News ID: 103380
Publish Date : 06 June 2022 - 21:53

WASHINGTON (Dispatches) -- A string of shootings left at least 15 people dead and more than 60 others wounded in eight states this weekend, a spasm of gun violence that came as the U.S. continues mourning the lives lost in mass shootings last month in Buffalo, N.Y., and Uvalde, Texas.
In Pennsylvania, police say multiple shooters fired into a crowd late Saturday night on South Street, a famous Philadelphia drag. Authorities said three people were killed by the gunfire, and at least 11 others were wounded. Police said multiple handguns were recovered at the scene, but no arrests have been made.
“Once again, we see lives lost and people injured in yet another horrendous, brazen and despicable act of gun violence,” Philadelphia Mayor Jim Kenney said in a statement on Sunday.
In Chattanooga, Tenn., police responded early Sunday to a shooting near a nightclub. Three people were killed and 14 others were injured, according to police chief Celeste Murphy.
Two people died from gunshot wounds, while a third person died of injuries after being hit by a vehicle, Murphy said. The police chief said multiple people are thought to have opened fire, but no arrests had been made as of Sunday afternoon. Last week, six people were wounded in a gunfire exchange in downtown Chattanooga.
Meanwhile, in South Carolina, at least eight people were shot at a graduation party in what authorities in Clarendon County described as a suspected drive-by shooting. A 32-year-old woman was killed, while seven others were wounded. Six of the seven injured were age 17 or younger, authorities said.
Police say the incident may have been gang-related.
“This was a school graduation party and you’ve got all these innocent children that were there that were hit by gunfire,” Sheriff Tim Baxley said.

A 14-year-old girl was killed and eight others were injured during a shooting early Saturday at a Phoenix strip mall, The Associated Press reported.
Nine people were hospitalized, including the 14 year-old girl, who later died. Two women were transported with life-threatening injuries.
“Seems we can’t go a day without another mass shooting,” Phoenix Mayor Kate Gallego tweeted Saturday. “This time, it’s Phoenix, at 10th Ave & Hatcher. Time has run out. Change must happen now.”
The next day, a shooting outside a bar in Mesa, Ariz. early Sunday morning left two people dead and two others injured, according to the AP.
At Least 246 Mass 
Mass shootings also happened in Texas, Georgia, New York and Michigan over the weekend, according to the Gun Violence Archive, a group that tracks mass shootings.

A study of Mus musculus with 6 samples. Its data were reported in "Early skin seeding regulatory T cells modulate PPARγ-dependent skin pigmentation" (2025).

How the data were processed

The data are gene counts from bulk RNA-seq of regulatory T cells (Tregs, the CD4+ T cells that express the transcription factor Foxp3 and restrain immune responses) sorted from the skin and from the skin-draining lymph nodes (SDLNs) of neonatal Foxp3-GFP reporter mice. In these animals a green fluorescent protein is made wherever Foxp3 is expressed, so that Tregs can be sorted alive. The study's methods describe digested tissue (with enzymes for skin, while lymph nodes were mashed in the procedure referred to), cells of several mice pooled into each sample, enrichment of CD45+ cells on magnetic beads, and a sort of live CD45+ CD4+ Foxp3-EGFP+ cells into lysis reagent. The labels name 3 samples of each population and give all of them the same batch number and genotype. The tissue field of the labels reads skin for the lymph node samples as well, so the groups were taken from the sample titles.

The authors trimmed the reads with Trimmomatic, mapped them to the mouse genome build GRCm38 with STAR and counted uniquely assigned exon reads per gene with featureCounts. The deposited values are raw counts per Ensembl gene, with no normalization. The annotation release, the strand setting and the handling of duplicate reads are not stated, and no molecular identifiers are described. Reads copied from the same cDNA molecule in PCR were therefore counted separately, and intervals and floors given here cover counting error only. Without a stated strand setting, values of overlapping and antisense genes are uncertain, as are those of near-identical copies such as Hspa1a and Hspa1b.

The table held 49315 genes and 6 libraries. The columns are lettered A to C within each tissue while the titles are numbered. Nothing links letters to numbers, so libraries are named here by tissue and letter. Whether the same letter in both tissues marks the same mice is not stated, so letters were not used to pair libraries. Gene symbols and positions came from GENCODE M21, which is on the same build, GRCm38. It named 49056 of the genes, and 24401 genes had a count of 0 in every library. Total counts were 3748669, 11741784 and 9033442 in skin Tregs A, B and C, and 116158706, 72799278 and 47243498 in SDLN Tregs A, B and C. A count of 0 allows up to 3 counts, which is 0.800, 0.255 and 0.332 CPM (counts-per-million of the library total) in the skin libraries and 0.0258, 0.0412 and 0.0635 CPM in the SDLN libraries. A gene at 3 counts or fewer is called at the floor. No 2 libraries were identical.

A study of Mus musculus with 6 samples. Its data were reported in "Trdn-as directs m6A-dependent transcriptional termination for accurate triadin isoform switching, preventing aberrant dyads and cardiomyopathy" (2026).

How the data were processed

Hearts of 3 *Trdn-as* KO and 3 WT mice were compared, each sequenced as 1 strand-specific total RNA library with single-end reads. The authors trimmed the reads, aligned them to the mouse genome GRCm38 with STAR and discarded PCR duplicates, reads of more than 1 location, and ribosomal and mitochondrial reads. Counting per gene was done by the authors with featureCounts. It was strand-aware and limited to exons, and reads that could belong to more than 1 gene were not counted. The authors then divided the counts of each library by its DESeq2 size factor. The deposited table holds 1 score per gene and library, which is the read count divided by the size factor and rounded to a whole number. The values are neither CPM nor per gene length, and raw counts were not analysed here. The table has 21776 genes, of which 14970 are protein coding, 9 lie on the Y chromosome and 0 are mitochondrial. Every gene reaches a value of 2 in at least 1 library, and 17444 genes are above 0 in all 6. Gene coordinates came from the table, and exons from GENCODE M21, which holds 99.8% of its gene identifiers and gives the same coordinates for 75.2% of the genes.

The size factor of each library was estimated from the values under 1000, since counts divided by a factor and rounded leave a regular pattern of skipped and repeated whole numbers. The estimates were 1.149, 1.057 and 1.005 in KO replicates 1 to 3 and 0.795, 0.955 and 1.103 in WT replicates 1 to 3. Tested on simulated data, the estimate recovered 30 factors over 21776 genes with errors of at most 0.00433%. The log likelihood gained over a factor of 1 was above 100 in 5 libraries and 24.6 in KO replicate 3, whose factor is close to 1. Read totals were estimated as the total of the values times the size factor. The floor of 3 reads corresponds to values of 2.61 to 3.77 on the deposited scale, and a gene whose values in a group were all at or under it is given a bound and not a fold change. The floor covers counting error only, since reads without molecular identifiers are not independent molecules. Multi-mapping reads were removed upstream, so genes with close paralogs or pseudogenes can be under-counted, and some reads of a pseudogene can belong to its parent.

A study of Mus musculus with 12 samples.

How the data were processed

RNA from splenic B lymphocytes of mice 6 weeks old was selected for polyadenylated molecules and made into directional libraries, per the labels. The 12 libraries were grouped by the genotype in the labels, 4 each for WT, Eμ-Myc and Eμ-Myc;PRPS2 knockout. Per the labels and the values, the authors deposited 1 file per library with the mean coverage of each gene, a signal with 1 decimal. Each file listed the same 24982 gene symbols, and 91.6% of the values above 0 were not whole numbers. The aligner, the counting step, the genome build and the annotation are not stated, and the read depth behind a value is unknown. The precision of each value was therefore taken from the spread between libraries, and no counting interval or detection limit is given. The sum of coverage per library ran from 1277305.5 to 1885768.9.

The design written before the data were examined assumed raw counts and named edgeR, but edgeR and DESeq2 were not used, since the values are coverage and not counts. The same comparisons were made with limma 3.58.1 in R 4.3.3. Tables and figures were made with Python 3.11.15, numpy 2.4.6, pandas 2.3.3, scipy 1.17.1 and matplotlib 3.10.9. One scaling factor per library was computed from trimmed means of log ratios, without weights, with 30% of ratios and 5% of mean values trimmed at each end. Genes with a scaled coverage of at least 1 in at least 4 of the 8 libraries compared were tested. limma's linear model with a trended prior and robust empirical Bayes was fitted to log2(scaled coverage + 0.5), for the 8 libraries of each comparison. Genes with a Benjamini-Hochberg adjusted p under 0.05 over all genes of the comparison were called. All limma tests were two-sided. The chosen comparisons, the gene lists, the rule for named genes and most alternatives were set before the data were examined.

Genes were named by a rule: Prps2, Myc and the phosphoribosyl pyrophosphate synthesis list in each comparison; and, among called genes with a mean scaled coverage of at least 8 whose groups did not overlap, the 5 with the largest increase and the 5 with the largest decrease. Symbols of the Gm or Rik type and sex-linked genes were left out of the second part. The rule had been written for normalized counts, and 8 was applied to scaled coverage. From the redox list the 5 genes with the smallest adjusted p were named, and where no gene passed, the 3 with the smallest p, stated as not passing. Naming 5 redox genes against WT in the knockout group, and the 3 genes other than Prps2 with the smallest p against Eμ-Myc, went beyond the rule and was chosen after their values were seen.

Some 156 days into 2022, the United States has now seen at least 246 mass shootings, according to the group’s tally. That puts the U.S. on track for one of the deadliest years on record since the archive began tracking gun deaths. The site defines a mass shooting as any incident in which four or more people are killed or injured by a gun.
Since May 14, when a racist attack at a Buffalo, N.Y., supermarket took the lives of 10 people, there have been at least four dozen mass shootings in the U.S., according to data from the group. That includes the attack on Robb Elementary School in Uvalde, Texas that left 19 students and two teachers dead.
“The indiscriminate nature of shootings recently at schools, medical offices, supermarkets, at bars and at parties shows how deeply engrained the threat of gun violence is in everyday life. No one killed in these outrages had any reasons to think that their lives were about to end in relatively mundane locations,” CNN wrote.
The horrific new trail of death and injury, of broken families and mourning and fear, has raised the stakes for American leaders to finally do something to stem the shootings and massacres and the costs for yet another political failure in a nation awash in firearms.
But owing to political constraints rooted in conservative opposition to wide-ranging changes to the law, observers believe any meaningful effort is unlikely to fully address the crisis. 
They say there is no realistic chance that President Joe Biden’s appeal in a moving televised address last Thursday for a ban on assault-style weapons used in many recent massacres will be successful.
GOP leaders like ex-President Donald Trump are portraying any tinkering around the edges of gun laws as the start of an inevitable slippery slope towards ending the Second Amendment – claim that his opponents describe as an exaggeration and mischaracterization that has often scuppered action in the past.
Meanwhile, the structural impediments for reform remain strong. While many Americans see their right to bear arms as a critical plank of self-defense and national identity, polls show even many Republicans consider some kind of sensible extra regulations is necessary. But an activist minority in the GOP and the power of the gun lobby has thwarted almost all reform efforts in response to mass killings in recent years.